Clinical Chart audit still an important tool for improving healthcare
For all healthcare organizations, an integral component of their compliance program is audit. In the current regulatory environment, healthcare providers are under greater scrutiny than ever before.
Claim rejections, claim denials and third-party defense audits create considerable financial burden for US hospitals and health systems. In order to avoid losses associated with denied inpatient claims or third-party defense audits hospitals and health systems need to pivot from denial management to denial prevention, by establishing monthly concurrent chart audit and inpatient chart review as an effective reimbursement retention strategy.
One of the common objections to establishing a monthly concurrent audit is increased initial cost. However, even when hiring one or two additional full-time staff members or enlisting consultant resources, the savings in terms of compliance and revenue opportunities typically outweigh the cost of these individuals or services.
Every revenue generating department within the hospital must properly document and record charges in order to establish control mechanisms to ensure that appropriate procedures and charging protocol are being followed.
The purpose of Concurrent Audit is verifying that charges on the detailed itemized hospital bill are accurate and that charges represent services rendered to the patient and are ordered by physician and are based upon standard hospital practices and/or nursing protocols and procedures.
A properly trained Medical Chart Auditor with a strong clinical and billing experience assisting the appropriate department managers and nursing departments with maintaining and/or developing Charging Protocols and Policies in all revenue producing departments can play a significant role in identifying, correcting and improving the charge practices within each department.
A complete Concurrent Chart Audit should include not only precise audit details providing audit outcomes but also a detailed monthly audit statistic report to identify departments showing a trend of over charges and under charges including departmental error rates. These audit statistic reports, help to identify the reasons why the over and under charges are occurring and can further assist departments in creating a corrective action plan for resolution to prevent errors from reoccurring.
Clinical Documentation Improvement
Clinical documentation is at the core of every patient encounter. In order to be meaningful, it must be accurate, timely, and reflect the scope of services provided.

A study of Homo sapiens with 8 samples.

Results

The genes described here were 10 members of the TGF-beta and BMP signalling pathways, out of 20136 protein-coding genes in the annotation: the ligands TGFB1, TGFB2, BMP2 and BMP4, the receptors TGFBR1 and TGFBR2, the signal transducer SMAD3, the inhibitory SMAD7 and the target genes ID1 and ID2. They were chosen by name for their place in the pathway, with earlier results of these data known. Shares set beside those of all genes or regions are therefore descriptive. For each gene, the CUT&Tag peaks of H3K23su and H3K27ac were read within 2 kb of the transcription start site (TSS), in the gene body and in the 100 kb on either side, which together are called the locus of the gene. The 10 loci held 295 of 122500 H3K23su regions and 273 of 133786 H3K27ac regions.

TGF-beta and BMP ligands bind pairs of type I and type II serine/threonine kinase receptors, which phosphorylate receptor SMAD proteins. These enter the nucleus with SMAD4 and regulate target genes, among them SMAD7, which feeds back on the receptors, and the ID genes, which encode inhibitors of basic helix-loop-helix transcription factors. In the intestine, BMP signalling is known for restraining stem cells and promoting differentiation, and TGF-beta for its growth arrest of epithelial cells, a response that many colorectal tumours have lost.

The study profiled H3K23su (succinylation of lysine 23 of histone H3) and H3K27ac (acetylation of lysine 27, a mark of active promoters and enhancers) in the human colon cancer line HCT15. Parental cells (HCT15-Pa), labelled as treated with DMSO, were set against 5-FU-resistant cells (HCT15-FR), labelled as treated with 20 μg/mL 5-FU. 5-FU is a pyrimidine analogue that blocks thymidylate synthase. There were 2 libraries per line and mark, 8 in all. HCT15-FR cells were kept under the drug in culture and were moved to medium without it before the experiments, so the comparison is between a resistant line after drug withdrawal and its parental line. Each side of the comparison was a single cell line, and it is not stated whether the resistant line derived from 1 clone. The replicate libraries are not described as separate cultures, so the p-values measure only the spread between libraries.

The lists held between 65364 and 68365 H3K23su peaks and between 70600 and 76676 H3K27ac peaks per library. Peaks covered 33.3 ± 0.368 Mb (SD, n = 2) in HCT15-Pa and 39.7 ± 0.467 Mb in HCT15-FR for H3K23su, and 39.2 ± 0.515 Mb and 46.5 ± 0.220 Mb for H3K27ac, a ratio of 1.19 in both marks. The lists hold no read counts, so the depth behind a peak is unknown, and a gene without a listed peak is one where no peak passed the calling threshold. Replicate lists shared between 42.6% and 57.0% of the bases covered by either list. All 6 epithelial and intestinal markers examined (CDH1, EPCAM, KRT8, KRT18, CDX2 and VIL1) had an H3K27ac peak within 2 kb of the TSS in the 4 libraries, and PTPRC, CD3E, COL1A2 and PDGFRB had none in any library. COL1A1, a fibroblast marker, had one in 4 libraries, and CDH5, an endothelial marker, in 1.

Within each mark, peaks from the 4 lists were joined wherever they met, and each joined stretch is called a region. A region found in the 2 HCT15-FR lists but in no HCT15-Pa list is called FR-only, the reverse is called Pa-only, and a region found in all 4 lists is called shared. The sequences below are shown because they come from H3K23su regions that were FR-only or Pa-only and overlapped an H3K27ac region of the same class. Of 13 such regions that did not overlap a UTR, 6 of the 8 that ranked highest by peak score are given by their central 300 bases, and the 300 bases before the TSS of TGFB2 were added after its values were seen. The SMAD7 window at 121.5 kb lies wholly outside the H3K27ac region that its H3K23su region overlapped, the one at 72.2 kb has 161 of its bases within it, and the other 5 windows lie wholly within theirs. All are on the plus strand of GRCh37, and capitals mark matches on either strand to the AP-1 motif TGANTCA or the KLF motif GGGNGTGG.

Clinical documentation improvement offers an opportunity to improve coding and maximize reimbursement. The increasing complexity of medicine has been met with a corresponding increase in complexity of medical documentation.
Thorough, detailed documentation leads to accurate coding, and accurate coding leads to appropriate and timely claims payments for hospitals and physicians. Most importantly, accurate documentation can lead to better, more effective patient care. It can provide more detailed information to other health care providers performing subsequent care or services on patients.
Although CDI should be common in all healthcare settings, it’s often overlooked and that’s because some physicians generally don’t understand the consequences of insufficient documentation. Ideally, documentation should include the history of present illness, severity of illness, clinical treatment, which provides a wealth of information in terms of signs, symptoms, and other details of the patient’s presenting problem.
However, in reality, it’s often lacking enough detail to justify even the most basic of services rendered, including the physical exam of multiple body systems. For example, “chest pain” is clearly not as compelling as “chest pain radiating down to the neck with shortness of breath, cough, pain in the leg, and edema.”
Every medical record by every physician or nurse practitioner requires careful evaluation to compare the diagnosis and treatment with the actual complaint or injury of the patient. All healthcare organizations, in order to ensure documentation accurately reflects the patient’s severity of illness should perform a concurrent review of medical records, validate diagnosis codes, identify missing diagnosis.
Managers and Leaders
You’re probably counting value, not adding it, if you’re managing people. Only managers count value; some even reduce value by disabling those who add value. If a diamond cutter is asked to report every 15 minutes how many stones he has cut, by distracting him, his boss is subtracting value.
By contrast, leaders focus on creating value, saying: “I’d like you to handle A while I deal with B.” He or she generates value over and above that which the team creates and is as much a value-creator as his or her followers are. Leading by example and leading by enabling people are the hallmarks of action-based leadership.
Just as managers have subordinates and leaders have followers, managers create circles of power while leaders create circles of influence.
The quickest way to figure out which of the two you’re doing is to count the number of people outside your reporting hierarchy who come to you for advice. The more that do, the more likely it is that you are perceived to be a leader.
Management consists of controlling a group or a set of entities to accomplish a goal. Leadership refers to an individual’s ability to influence, motivate, and enable others to contribute toward organizational success. Influence and inspiration separate leaders from managers, not power and control.